Jett Abramson | Property Casualty 360° | November 9, 2016
An emerging trend: treating each alleged defect within a single construction defect suit as a separate occurrence.
Much has been written about and litigated regarding the topic of an “occurrence” as it is applied within the four walls of a commercial insurance policy.
There was the famous World Trade Center case (SR International Business Insurance Co. Ltd v. World Trade Center Properties LLC, et al) in which the events of 9/11 were mostly defined as a single occurrence.
In the casualty arena, specifically construction, we have seen “occurrence” be adjudicated in various ways depending on the degree of negligence of the policyholder, resulting damage versus damage to work itself, and the venue for the claim (for example, American Home Assurance Co. v. Trumbull Corp., Westfield Insurance Co. v. Custom Agri Systems Inc., Travelers Indemnity Co. of America v. Moore & Associates. Inc., etc).
Partially as a result, we have seen various states develop their own distinct opinions and statutes regarding what qualifies as an “occurrence” within the CG0001 policy form (see South Carolina, Hawaii, among others). However, there is a dearth of literature on the topic of an occurrence when it comes to the narrow focus of construction defects within the scope of a Controlled Insurance Program.
For decades, insurance and claims professionals have seen insurers treat individual construction-defect lawsuits each as single occurrences within controlled insurance programs; even suits alleging multiple and various defects in construction involving multiple trades. Claims adjusters have typically asked policyholders for one deductible payment or self-insured retention satisfaction during the loss adjustment process, and proceeded to defend and indemnify the named insureds and other enrolled contractors under the program.
However, an emerging trend among a small consortium of insurers is the treatment of each alleged defect within a single construction-defect suit as a separate occurrence. This treatment has the narrow potential to benefit policyholders in cases where the aggregate limits of a controlled insurance program are higher than its occurrence limits, but it also has the more debilitating potential effect of the application of the policy deductible or self-insured retention (typically written on a “per occurrence” basis) multiple times for the same construction-defect suit. Obviously the more substantial the deductible or self-insured retention amount on the policy, the more damaging the effect.
As every construction-insurance professional is aware, within the unmodified CG0001 “occurrence” is defined as an accident, including continuous or repeated exposure to substantially the same general harmful conditions. This definition has been used successfully by several attorneys and insurance brokers — including me — to argue the single application of a policy deductible to a single and consistent defect that exists in multiple locations/units within a single building, or within several different buildings in the case of detached residential construction (or other similar cases).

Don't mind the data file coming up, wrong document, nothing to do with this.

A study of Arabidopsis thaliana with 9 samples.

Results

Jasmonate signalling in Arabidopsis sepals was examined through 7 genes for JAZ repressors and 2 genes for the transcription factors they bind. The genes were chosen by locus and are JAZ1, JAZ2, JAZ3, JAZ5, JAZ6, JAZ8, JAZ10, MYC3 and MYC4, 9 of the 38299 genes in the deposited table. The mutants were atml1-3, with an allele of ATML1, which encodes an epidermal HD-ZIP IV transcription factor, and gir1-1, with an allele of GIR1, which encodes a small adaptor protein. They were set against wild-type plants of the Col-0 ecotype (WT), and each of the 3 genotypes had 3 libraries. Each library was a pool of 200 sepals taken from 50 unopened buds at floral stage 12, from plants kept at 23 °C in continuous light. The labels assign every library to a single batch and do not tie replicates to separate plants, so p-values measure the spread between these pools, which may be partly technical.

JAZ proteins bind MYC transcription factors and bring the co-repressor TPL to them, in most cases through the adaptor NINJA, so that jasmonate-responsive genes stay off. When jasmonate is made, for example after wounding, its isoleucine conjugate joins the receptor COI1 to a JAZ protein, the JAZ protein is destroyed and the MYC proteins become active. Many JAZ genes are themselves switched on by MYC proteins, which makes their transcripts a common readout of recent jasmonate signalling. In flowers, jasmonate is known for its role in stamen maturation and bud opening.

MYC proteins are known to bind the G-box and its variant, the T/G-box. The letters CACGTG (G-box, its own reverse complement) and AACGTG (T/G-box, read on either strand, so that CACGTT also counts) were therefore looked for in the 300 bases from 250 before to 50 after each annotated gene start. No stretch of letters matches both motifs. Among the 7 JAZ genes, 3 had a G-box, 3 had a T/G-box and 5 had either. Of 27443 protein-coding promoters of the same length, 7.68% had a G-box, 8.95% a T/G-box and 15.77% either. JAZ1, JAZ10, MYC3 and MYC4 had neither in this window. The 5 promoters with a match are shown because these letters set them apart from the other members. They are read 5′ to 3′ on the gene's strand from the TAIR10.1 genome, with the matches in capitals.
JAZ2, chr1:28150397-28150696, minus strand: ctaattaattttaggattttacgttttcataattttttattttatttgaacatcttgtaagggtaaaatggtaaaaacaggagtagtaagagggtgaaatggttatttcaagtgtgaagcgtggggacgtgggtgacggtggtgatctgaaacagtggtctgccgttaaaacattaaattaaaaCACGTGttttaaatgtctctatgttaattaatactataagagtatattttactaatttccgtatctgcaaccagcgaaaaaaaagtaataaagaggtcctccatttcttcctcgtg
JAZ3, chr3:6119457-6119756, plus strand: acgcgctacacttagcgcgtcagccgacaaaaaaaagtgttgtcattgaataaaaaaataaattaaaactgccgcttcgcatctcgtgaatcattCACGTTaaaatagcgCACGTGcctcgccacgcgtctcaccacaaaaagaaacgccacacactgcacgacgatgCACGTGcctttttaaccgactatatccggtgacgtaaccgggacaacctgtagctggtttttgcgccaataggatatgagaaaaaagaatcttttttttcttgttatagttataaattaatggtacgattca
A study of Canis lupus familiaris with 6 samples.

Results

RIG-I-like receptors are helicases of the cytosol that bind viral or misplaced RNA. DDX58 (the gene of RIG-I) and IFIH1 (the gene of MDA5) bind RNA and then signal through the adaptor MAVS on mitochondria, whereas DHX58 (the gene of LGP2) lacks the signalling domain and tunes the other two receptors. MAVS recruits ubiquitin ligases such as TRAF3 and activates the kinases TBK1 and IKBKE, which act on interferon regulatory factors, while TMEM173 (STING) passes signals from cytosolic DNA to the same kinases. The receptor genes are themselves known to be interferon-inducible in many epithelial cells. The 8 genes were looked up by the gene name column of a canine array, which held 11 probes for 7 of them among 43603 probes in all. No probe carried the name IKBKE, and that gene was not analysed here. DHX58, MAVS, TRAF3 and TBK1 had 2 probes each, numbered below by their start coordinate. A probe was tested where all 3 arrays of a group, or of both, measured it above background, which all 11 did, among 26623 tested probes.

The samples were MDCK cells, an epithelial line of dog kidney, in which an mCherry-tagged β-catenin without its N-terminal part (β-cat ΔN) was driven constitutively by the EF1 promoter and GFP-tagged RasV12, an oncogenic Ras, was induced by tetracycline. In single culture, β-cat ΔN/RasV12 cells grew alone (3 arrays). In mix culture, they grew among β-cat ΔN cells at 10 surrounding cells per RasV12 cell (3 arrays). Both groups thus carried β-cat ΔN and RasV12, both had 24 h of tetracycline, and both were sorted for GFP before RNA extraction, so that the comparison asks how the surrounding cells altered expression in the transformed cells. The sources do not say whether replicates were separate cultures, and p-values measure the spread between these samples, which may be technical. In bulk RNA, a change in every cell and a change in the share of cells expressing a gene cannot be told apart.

A simple example would be several hundred windows that were flashed improperly in the same manner across multiple units, all resulting in similar water intrusion. Yet this same application of the definition of “occurrence” could result in the undesired effect of several discrete construction defects within a single suit to require the satisfaction of several multiples of the policy deductible or self-insured retention. Clearly, a new solution (or solutions) must be crafted to address this recent development, requiring insurers to clarify their coverage intent in deductible or self-insured retention application, or policyholders must be educated on the topic and their expectations managed.
Myriad solutions possible
Since this development is still within its infancy, so are any proposed solutions to the development that are favorable to policyholders. It’s the author’s experience that most insurers within the controlled insurance program arena have not been asked to address this issue in the past, and several balk initially at a menu of proposed solutions to the issue. However, given the current state of the market and the broad appetite of construction liability risk underwriters, a viable solution is typically found and agreed upon.
As mentioned, myriad solutions could be enacted to rectify this coverage incongruity. It is up to each professional insurance broker to craft a solution befitting his or her client. However, two suggested workable solutions to this issue are as follows:
- Deductible/self-insured retention aggregate stops. This is probably the most simple solution. This caps the policyholder’s out-of-pocket expense for all claims attributable to the policy. The aggregate stop amount can be structured to work within the client’s balance sheet.
- “Per claim” or “Per occurrence” deductible wording: This is a slightly more exotic solution that allows the policyholder to elect which basis on which the deductible applies, on a claim-by-claim basis.
Different carriers have different levels of tolerance in allowing for aggregate stops, but this option is certainly available in the marketplace. The latter solution may be a bit too peculiar for some carriers’ appetites, but the example serves to highlight how creative a broker can be in crafting a workable solution for their client to address this emerging coverage concern.